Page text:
I’m writing the Log very early this week as I will be travelling to Ireland on Wednesday, to attend some meetings in my role as Provincial Bursar for the Passionists of Saint Patrick’s Province, which is principally Ireland and Scotland, but also takes in our house and parish in Paris, as well as still retaining a link with our former missions in Botswana, South Africa and Zambia. The role of Provincial Bursar is essentially one of providing financial management to the province as part of the leadership team. It’s a role that for 25 years I tried to avoid. Having been a Cost and Management Accountant before I joined the Passionists, I kept being told it was a role I was destined for but, thankfully, there were always other, very competent people, to take it on. Then, after our Provincial Chapter in 2008, the inevitable happened, and I have been locked into the role ever since, having just been re-elected at the recent Chapter, for yet another 4 years. Thankfully we have a secretary in our Provincial Office in Dublin, who does all the day to day work, and who really has a much better grasp of all the ins and outs than I have. She is quite extraordinary and I really couldn’t do the job without her. If I ever get wind of her thinking of retiring, I’ll be sure to get in first and retire before her.
Since becoming Provincial Bursar the role has changed substantially, as there has emerged a whole host of new financial legislation that has to be meticulously adhered to and complied with to the letter. Also, as a Religious Congregation, we operate as a charity, and so we have to comply with all the various charities legislation too. As luck would have it, there are four different charities regulators for Ireland, north and south, for Scotland, and also for France, so it can get a bit complicated. But, even apart from that, the role is as far from what I used to do as an accountant in the 1970’s, as you would imagine. In those days, working in the Olivetti typewriter factory in Queenslie, I would come in on a Monday morning to find a foot-high printout on my desk from the data processing department, and somewhere in there I would find the material that was going to constitute my task for the rest of the week, whether that was at my desk, or patrolling the factory floor investigating anomalies. One of my early tasks was to do costings for the production of a new, and innovative, golf ball typewriter. That was about the height of technology in those days. Computer technology was still in the early stages and the data processing department, operating a punch card system, took up a vast amount of space on the ground floor of the factory. I doubt very much if I would be able to revive my accountancy career in these times of ever-changing technological wonder.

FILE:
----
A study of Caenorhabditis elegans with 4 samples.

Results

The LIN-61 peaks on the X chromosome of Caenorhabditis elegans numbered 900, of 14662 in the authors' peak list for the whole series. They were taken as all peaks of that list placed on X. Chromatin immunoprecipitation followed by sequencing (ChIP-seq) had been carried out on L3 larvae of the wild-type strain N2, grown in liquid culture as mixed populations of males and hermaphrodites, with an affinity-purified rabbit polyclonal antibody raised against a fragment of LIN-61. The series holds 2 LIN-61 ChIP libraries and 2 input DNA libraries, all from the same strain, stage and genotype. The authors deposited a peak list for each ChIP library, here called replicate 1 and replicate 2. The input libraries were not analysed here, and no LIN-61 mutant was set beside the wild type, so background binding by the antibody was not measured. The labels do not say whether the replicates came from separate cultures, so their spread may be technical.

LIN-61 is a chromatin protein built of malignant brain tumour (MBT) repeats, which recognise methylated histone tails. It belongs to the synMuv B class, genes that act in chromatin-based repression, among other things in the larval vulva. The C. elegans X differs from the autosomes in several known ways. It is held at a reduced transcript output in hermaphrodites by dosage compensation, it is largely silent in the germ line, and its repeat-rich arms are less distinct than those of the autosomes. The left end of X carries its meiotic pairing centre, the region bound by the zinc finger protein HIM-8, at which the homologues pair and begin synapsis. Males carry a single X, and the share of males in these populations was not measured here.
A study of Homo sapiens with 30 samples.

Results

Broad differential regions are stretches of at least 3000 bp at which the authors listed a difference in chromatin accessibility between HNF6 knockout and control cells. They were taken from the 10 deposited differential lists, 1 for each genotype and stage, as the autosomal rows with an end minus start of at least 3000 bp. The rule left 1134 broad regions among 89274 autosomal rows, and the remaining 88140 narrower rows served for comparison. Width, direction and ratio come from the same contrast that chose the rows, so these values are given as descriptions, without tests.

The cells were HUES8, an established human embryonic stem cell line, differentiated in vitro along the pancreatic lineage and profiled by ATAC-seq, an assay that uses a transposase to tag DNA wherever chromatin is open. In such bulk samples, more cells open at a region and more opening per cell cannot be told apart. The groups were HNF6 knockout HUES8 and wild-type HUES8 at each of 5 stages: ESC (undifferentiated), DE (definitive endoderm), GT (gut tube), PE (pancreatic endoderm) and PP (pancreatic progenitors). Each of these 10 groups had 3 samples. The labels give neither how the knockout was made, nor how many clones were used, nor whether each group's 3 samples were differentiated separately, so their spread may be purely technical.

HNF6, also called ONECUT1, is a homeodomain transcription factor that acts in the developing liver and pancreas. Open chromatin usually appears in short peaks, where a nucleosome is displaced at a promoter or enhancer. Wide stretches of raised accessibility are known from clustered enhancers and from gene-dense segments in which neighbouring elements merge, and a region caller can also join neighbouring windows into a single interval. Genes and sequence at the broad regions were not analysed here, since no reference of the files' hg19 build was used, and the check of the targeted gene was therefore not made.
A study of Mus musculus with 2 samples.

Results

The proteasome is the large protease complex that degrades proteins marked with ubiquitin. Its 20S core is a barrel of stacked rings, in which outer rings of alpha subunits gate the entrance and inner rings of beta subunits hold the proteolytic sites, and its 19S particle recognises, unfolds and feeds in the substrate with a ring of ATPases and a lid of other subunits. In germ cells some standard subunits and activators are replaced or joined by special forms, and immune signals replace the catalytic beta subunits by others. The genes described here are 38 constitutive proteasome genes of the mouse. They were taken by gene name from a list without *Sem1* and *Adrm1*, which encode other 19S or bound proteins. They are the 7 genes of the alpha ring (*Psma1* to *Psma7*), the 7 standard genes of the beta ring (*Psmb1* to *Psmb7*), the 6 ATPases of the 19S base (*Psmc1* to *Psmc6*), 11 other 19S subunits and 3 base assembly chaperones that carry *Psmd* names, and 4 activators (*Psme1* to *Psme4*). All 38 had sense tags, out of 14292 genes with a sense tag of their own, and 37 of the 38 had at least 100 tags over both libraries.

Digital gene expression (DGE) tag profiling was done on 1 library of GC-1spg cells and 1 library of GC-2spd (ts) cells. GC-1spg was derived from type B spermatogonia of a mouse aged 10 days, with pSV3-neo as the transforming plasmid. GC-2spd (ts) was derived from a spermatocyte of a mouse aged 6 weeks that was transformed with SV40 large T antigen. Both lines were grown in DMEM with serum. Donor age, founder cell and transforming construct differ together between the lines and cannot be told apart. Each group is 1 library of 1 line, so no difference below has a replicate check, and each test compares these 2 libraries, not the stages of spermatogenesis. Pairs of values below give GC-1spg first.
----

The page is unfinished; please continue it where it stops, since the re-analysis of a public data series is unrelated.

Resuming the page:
I almost had to cancel my trip as, last Monday, I took a quick walk into town after morning Mass, to do a little shopping. On the way back, coming along George Street, it began to rain very heavily. I was wearing an anorak with a hood, so I pulled the hood up over my head, as you do. The hood, however, obscured my vision a little, and the next thing I knew I had tripped over the pavement and was lying flat on my face, feeling sore and embarrassed. I, very gingerly, got up, and gathered in my bits and pieces of shopping. I felt a bit like the man beaten and left for dead on the Jericho Road, as people quickly passed me by on the other side, perhaps thinking I had a few too many. There wasn’t even a good Samaritan in sight. In terms of damage done, I realised I had sprained my left wrist and staved both thumbs. On the drive up to my brother’s house later on, I found changing the gears a very painful task. Father Antony kindly supplied me with some gel and a tight bandage. Within a couple of days, the healing process was well under way and now, while there are still twinges, especially when I drive, I feel fine. Fr. Gareth and Fr. Antony will ably hold the fort while I’m away.
As ever, protect yourself, your loved ones and others, and protect Christ in your lives.